A biologist has found what is possibly one of the widest-ever recorded trees in B.C.

Ian Thomas measured a western red cedar in North Vancouver, B.C., to be somewhere between 4.8 to 5.8 metres in diameter.

If Thomas’s preliminary measurements are correct, the behemoth he found in Lynn Headwaters Regional Park would barely fit inside the cabin of a Boeing 747.

The tree’s diameter at breast height (DBH) still needs to be officially verified and could end up being up to a metre less than his 5.8-metre calculation, he said, depending on how it’s measured on a rugged, steep slope.

Regardless of its exact size, there is no doubt the massive tree is very, very old.

“It came at the end of about a 10-hour bushwhack,” Thomas told Gloria Macarenko, host of CBC’s On The Coast, on Monday. “I spend a lot of my time studying satellite maps and government data sets — and just slogging through these incredible, threatened ancient forests that we’re so lucky to have, some of them, here in B.C.”

He and his colleague Colin Spratt nicknamed the “awe-inspiring” tree they found in a grove of “primordial” red cedars The North Shore Giant.

Big-tree searcher Colin Spratt stands with a very large western red cedar in North Vancouver’s Lynn Headwaters Regional Park. He and biologist Ian Thomas measured the diameter at breast height (DBH) as being up to 5.8 metres, though another method could reduce that to 4.8 metres, still making it one of the largest trees in B.C. records. (Ian Thomas)

The tree is on Tsleil-Waututh Nation territories. Its director of treaty, lands and resources said western red cedars have been used by his people for everything from dugout canoes, clothing and buildings to ceremonial and medicinal uses.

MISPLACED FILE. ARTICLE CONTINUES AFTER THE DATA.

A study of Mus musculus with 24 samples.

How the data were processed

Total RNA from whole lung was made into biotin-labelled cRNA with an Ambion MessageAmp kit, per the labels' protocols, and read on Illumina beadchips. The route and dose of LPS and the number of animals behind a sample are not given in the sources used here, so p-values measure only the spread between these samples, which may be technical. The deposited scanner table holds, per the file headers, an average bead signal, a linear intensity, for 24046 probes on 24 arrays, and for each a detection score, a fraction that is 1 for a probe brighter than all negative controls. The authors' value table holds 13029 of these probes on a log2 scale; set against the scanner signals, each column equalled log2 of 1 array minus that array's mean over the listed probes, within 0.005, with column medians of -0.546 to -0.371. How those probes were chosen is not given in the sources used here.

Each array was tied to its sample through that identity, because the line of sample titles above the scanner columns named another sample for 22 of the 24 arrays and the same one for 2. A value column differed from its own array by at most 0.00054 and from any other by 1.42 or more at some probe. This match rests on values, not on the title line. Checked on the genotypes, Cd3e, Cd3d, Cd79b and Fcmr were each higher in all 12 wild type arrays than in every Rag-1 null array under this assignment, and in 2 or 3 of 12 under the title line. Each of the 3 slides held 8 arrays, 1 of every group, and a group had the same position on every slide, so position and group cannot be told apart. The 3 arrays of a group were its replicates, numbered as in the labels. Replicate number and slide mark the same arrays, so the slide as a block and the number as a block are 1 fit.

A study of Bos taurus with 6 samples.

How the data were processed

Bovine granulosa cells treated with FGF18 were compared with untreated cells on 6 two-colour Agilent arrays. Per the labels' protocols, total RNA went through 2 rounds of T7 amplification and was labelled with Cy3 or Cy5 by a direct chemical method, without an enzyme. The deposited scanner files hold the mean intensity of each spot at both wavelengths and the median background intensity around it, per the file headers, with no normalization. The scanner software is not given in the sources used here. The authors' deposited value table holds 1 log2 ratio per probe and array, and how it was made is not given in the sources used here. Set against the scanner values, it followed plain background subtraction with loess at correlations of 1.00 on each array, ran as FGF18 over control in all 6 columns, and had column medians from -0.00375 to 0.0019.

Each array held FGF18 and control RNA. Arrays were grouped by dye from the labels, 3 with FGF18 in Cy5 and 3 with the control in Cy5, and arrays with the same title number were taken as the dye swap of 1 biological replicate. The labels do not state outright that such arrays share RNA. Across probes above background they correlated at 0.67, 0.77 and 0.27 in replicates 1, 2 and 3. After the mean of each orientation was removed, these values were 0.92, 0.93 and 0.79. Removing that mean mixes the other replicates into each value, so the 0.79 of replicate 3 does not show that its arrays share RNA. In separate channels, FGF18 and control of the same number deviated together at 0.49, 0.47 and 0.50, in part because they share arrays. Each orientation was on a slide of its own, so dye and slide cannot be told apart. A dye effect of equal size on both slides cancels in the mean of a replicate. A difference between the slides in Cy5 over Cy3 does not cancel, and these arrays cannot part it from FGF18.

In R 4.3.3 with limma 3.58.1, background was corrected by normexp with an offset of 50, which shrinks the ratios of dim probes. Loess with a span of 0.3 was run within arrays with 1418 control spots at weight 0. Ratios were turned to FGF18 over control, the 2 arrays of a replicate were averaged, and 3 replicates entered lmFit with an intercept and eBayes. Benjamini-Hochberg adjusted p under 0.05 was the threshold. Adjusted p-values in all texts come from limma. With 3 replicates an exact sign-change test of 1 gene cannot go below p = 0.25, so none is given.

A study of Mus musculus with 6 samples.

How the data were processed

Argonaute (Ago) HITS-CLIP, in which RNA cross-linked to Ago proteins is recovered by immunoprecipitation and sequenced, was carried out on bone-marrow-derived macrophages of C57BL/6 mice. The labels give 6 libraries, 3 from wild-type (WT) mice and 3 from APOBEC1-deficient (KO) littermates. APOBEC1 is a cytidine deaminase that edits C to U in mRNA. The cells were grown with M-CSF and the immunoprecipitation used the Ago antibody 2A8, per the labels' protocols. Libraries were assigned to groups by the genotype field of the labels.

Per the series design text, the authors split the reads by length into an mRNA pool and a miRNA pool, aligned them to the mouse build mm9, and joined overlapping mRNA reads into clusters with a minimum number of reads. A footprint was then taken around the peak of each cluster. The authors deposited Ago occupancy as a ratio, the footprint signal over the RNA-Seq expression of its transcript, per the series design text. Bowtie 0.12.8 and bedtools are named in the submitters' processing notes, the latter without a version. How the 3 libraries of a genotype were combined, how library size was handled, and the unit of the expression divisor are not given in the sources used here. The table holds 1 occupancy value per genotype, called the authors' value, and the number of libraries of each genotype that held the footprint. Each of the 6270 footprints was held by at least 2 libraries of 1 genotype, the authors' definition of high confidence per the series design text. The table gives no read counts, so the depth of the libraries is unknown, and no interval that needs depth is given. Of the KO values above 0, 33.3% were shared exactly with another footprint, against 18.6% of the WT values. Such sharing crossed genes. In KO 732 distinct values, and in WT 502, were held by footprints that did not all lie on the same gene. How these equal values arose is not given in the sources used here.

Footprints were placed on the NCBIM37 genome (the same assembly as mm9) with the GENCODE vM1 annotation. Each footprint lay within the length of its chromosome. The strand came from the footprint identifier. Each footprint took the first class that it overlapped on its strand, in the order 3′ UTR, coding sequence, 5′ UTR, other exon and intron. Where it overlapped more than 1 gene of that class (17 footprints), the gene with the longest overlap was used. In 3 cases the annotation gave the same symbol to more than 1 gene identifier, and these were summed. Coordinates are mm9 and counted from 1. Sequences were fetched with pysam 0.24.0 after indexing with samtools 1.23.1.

“Everything from the roots to the branches to the trunks,” Gabriel George said in a phone interview. “For our people, they’re medicine…. The cedar tree is sacred to us.”

Hearing about the find made his “heart happy,” and he hoped it reminds others of the importance of B.C.’s few remaining ancient old-growth forests.

“When I saw that picture and I heard that story, it just was so uplifting,” he said. 

Even though this particular cedar is within an already protected area, Thomas said it’s a reminder of how blessed the province is to still have such natural wonders.

“You are encountering one of the largest and oldest living things on this planet,” he said. “It’s almost like seeing a blue whale or a northern white rhino — this piece of this rich, wild world.”

According to University of B.C. forestry professor Robert Guy, large western red cedars host “ecosystems in most of their branches.”

“A tree of this size has to be very old,” he said. “They can get to 1,000 or 2,000 years old. We have trees on the North Shore that approach 2,000 years of age.”

Because red cedars hollow as they age, it’s often impossible to count their inner rings like other trees.

On The Coast10:382000 year old western red cedar found in remote part of North Vancouver

A giant western red cedar was discovered in a remote part of North Vancouver, and it turns out that it might be one of the largest left of its kind. We chat with one of the tree hunters who made the discovery of this North Shore Giant.

According to the University of B.C.’s Big Tree Registry, a tree 5.8 metres in diameter would be the fourth widest on record.

The previous top seven in the registry are all on Vancouver Island, the widest being a six-metre western red cedar in Pacific Rim National Park.

In Lynn Headwaters, the largest diameter recorded for a tree was 5.1 metres, also a red cedar. Any tree over 4.8 metres wide would be in the province’s top 13 ranking.

The registry could not be reached for comment on Thomas’s preliminary measurements. He said a member of its committee is in the process of verifying the tree’s size.

Based on photographs, said Guy, the tree appears unhealthy, a phenomenon he said is increasingly common in B.C.

“Red cedar has been showing more signs of distress in recent years than other … species in times of drought,” he said. “Which is probably climate change-related.

“So I guess another thing about these trees is they remind us they’ve been through a lot — but they might not get through the next hundred years or so.”